New insights into wildlife comeback
In September 2022, a new and updated Wildlife Comeback Report commissioned by Rewilding Europe was launched, which provides the latest and state-of-the-art insights, opportunities and challenges for wildlife comeback at a European scale. Experts from the Zoological Society of London (ZSL), BirdLife International and the European Bird Census Council have been working on this science-based, peer-reviewed overview of the comeback of a range of European wildlife species. Presenting changes in numbers and distribution, it will enable a better understanding of why some European animals are faring better than others.
In 2013, the first Wildlife Comeback Report was published to learn more about wildlife comeback in Europe, and to better support it going forwards. The Wildlife Comeback Report describes the comeback of selected bird and mammal species that have shown a comeback over the past 40-50 years.
Experts from all over Europe worked together on this state-of-the-art publication.
The new report will give insights in the recovery of 50 European species.
The new report will show species trends over an average of 43 years.
Six mammals, six birds and one reptile species have been added in addition to the previous report.
Understanding and embracing recovery
Supporting wildlife comeback is one of the core objectives of Rewilding Europe’s mission. Either by creating the conditions for wildlife to return of its own accord or by reintroducing animals into habitats where they are missing and cannot bounce back on their own. The unprecedented rate at which biodiversity is currently declining makes the urgent prioritisation of supporting wildlife comeback all the more critical.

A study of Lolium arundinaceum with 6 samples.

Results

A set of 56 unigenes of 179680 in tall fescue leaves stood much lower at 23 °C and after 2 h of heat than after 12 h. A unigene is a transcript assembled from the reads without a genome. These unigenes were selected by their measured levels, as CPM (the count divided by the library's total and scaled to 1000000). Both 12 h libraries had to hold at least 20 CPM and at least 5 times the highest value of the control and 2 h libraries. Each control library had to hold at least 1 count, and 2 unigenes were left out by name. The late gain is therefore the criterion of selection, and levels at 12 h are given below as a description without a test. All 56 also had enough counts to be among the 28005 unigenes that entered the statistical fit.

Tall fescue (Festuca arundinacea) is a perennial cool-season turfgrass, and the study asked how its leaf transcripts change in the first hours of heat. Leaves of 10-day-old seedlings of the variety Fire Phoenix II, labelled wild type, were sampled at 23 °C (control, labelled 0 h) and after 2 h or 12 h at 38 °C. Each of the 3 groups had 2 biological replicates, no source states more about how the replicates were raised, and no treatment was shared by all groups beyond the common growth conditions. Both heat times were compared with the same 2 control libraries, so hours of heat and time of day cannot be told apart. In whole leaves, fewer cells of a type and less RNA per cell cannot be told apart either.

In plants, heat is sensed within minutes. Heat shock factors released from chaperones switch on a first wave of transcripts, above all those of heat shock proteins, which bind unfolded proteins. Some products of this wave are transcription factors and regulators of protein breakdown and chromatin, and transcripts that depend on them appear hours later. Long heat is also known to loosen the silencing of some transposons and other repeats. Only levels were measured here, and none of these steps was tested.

Despite this overall decline, however, there are also reasons for optimism. Quite a number of wildlife species have made a spectacular return across Europe over the last four decades, proving that wild nature is resilient and can recover if conditions are suitable. Factors such as increased legal protection, the creation of corridors between protected areas, recovery of prey species, reintroductions and other population support measures, together with an ever greater willingness and desire by Europeans to live alongside and enjoy the presence of wild animals have all contributed to this recovery.
Wildlife brings benefits
Wildlife can return if we give it space and take measures to live alongside each other. The new publication puts the spotlight on how we can support wildlife comeback and the essential role wildlife plays within our landscapes, with benefits for nature, climate and people.
Landscapes without wildlife are like theatres without actors: they’re in need of each other to function properly. The comeback of wildlife can help restore ecosystem functioning by reviving the interactions between the species and their habitats. Healthy ecosystems, in turn, deliver a wide range of benefits including everything from providing us with fresh water, carbon storage, fire and flood prevention to socio-economic benefits for local communities and beyond. Discover more about these benefits, by exploring the stories below.
You can make a difference
The ongoing recovery of species presented in the new Wildlife Comeback Report is encouraging and shows there is a possibility for wildlife to come back into our landscapes if we act on it. Yet this only represents the start of what is possible, and also what is needed. With appropriate measures and an increasing tolerance of native wildlife species by man, such species will continue to increase in population size and range.
In our Rewilding Landscapes, our local teams are working on a variety of wildlife population support measures, such as corridor creation, reintroductions, mitigation of conflict and the promotion of co-existence, to help wildlife – and subsequently entire ecosystems – bounce back. Your contribution can help our teams to welcome wildlife back into our landscapes.